A proposal to double the capacity of the boutique Hob Knob Hotel caused some nobs to knock at the Martha’s Vineyard Commission Thursday, as neighbors voiced concerns about traffic and the appropriateness of the expansion in the Edgartown historic district.

The inn — a luxury, 17-room bed and breakfast nestled on Upper Main street — was formerly the Governor Bradford Inn before undergoing extensive renovations and becoming the Hob Knob Hotel in the early 1990s. The property changed hands in 2015 when owner Maggie White sold it to VIC Partners, a California-based LLC. Diane Carr is the general manager on the premises.

The proposed expansion was referred to the commission as a development of regional impact (DRI) by the Edgartown zoning board of appeals and includes an addition to the existing property at 128 Main Street and an expansion across Tilton Way to the site of the Tomassian Law Office. The hotel has not yet officially purchased the law office, according to land records, but attorney Sean Murphy confirmed on Friday that it is under agreement.

Rooms would increase from 17 to 35, according to a staff report by the commission, with the addition of a backyard pool, expansion of the hotel spa and a reorganization of parking on the site. The hotel also plans to tear down the current law office across the street and replace it with a slightly larger hotel structure and four units of workforce housing. Total building area on the site would increase by about 2,400 square feet.

The project needs a variety of approvals at the town level as well, including a signoff from the historic district commission.

Mr. Murphy represented the Hob Knob at the hearing on Thursday night. The builder is Patrick Ahearn.

Mr. Murphy billed the project as an important economic development for the town, saying that Edgartown had lost a total of 73 hotel rooms over the past decade. The addition would help Main street businesses frequented by guests, he said.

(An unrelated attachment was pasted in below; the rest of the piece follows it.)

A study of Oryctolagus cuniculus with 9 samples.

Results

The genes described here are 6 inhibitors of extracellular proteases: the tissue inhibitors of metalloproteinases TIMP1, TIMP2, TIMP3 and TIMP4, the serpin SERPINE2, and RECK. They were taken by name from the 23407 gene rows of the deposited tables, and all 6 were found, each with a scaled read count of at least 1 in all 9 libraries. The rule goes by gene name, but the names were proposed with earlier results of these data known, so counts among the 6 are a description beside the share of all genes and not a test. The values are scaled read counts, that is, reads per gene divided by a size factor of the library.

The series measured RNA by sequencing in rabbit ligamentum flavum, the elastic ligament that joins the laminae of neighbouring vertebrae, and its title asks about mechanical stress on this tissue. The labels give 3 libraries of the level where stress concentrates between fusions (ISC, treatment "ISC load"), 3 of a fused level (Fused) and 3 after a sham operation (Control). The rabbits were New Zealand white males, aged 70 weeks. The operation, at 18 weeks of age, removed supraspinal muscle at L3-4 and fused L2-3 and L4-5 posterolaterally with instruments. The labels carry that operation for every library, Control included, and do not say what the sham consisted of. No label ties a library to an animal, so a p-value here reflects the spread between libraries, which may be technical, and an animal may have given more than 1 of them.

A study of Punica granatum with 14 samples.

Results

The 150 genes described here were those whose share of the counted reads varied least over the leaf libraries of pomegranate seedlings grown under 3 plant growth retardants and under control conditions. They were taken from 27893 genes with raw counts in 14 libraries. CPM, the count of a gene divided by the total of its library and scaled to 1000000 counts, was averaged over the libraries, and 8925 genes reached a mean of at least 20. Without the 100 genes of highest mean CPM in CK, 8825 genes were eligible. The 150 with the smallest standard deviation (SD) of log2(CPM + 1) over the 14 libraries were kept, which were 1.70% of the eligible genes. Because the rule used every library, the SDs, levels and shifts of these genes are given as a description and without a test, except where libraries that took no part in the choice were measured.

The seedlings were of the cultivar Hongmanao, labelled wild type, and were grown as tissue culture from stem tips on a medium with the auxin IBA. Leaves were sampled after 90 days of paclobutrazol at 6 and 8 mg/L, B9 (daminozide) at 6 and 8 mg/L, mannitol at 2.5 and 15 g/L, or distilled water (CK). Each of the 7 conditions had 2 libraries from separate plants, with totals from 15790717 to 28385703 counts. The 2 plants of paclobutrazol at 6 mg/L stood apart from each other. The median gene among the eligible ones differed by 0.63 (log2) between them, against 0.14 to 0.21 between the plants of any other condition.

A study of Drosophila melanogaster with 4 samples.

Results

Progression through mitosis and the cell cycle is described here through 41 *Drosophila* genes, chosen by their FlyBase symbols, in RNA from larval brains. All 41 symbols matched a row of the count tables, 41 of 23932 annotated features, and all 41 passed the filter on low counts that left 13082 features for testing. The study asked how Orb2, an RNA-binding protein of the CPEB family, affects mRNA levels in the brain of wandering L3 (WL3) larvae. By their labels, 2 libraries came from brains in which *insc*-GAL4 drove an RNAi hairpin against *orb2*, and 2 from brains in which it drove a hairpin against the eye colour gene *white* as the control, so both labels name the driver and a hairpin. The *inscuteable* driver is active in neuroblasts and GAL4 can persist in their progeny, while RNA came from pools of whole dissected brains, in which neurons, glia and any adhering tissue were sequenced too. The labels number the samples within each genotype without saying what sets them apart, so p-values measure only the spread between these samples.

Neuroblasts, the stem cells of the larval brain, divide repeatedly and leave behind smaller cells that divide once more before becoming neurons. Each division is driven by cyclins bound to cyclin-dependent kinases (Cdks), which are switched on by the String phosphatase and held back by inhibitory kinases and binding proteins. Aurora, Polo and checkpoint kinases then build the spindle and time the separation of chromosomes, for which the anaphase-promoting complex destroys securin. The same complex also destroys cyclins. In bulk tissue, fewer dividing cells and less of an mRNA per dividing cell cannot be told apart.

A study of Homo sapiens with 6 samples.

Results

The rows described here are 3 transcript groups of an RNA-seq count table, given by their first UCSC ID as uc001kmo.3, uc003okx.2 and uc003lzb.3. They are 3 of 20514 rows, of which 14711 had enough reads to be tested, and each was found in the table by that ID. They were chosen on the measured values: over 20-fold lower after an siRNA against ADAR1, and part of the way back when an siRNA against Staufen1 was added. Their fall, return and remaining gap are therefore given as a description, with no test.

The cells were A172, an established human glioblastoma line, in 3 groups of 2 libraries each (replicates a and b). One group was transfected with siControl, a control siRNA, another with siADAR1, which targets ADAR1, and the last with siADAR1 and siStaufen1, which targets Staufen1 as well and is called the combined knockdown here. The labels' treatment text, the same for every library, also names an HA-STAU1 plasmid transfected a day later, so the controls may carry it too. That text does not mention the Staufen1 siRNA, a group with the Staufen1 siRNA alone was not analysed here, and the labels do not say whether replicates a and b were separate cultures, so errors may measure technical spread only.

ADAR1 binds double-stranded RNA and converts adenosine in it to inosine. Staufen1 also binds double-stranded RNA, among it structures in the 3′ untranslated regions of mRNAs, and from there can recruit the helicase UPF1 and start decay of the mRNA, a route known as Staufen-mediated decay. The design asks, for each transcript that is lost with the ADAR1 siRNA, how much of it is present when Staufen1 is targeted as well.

“It’s just a huge economic plus for everybody the more hotel rooms there are in the town,” Mr. Murphy said.

Mr. Ahearn described the aesthetic of the project, which he hoped would match the neoclassical style of the current buildings with minimal changes to their appearance.

“The Hob Knob is one of the important and significant inns as a gateway to downtown,” Mr. Ahearn said. ”It sets the town’s character in a very nice way.”

But neighbors who live in the historic village disagreed with the applicants on Thursday, arguing that the project as proposed was inappropriate in both style and scope.

Jane Chittick, who lives across the street from the hotel, said the architectural changes to the Tomassian building violated the tenets of Greek revival architecture and the historic district guidelines for building addition size and dormers.

“Our neighborhood in the historic district is being decimated,” Ms. Chittick said. “This is really a huge change. It’s obtrusive. And it doesn’t oblige by the historic guidelines at all.”

Other neighbors voiced concerns about parking and traffic at the site. Grant Greeley, who directly abuts the property on Tilton Way, said the new parking area proposed for 124 Main street would become “an interference” for residents. And Carol Wolff, who also lives in the neighborhood, felt similarly, saying traffic had increased dramatically.

“The traffic on Tilton Way has increased exponentially in the last five years,” Ms. Wolff said. “There is more activity in that small 18-foot way than you could possibly imagine.”

The commission has received nearly 15 letters about the project, with nine in favor and six opposed. Those in favor have touted the Hob Knob as an important and respectful business in town, and support the project’s aesthetics.

Commissioners continued the public hearing to Thursday, July 16.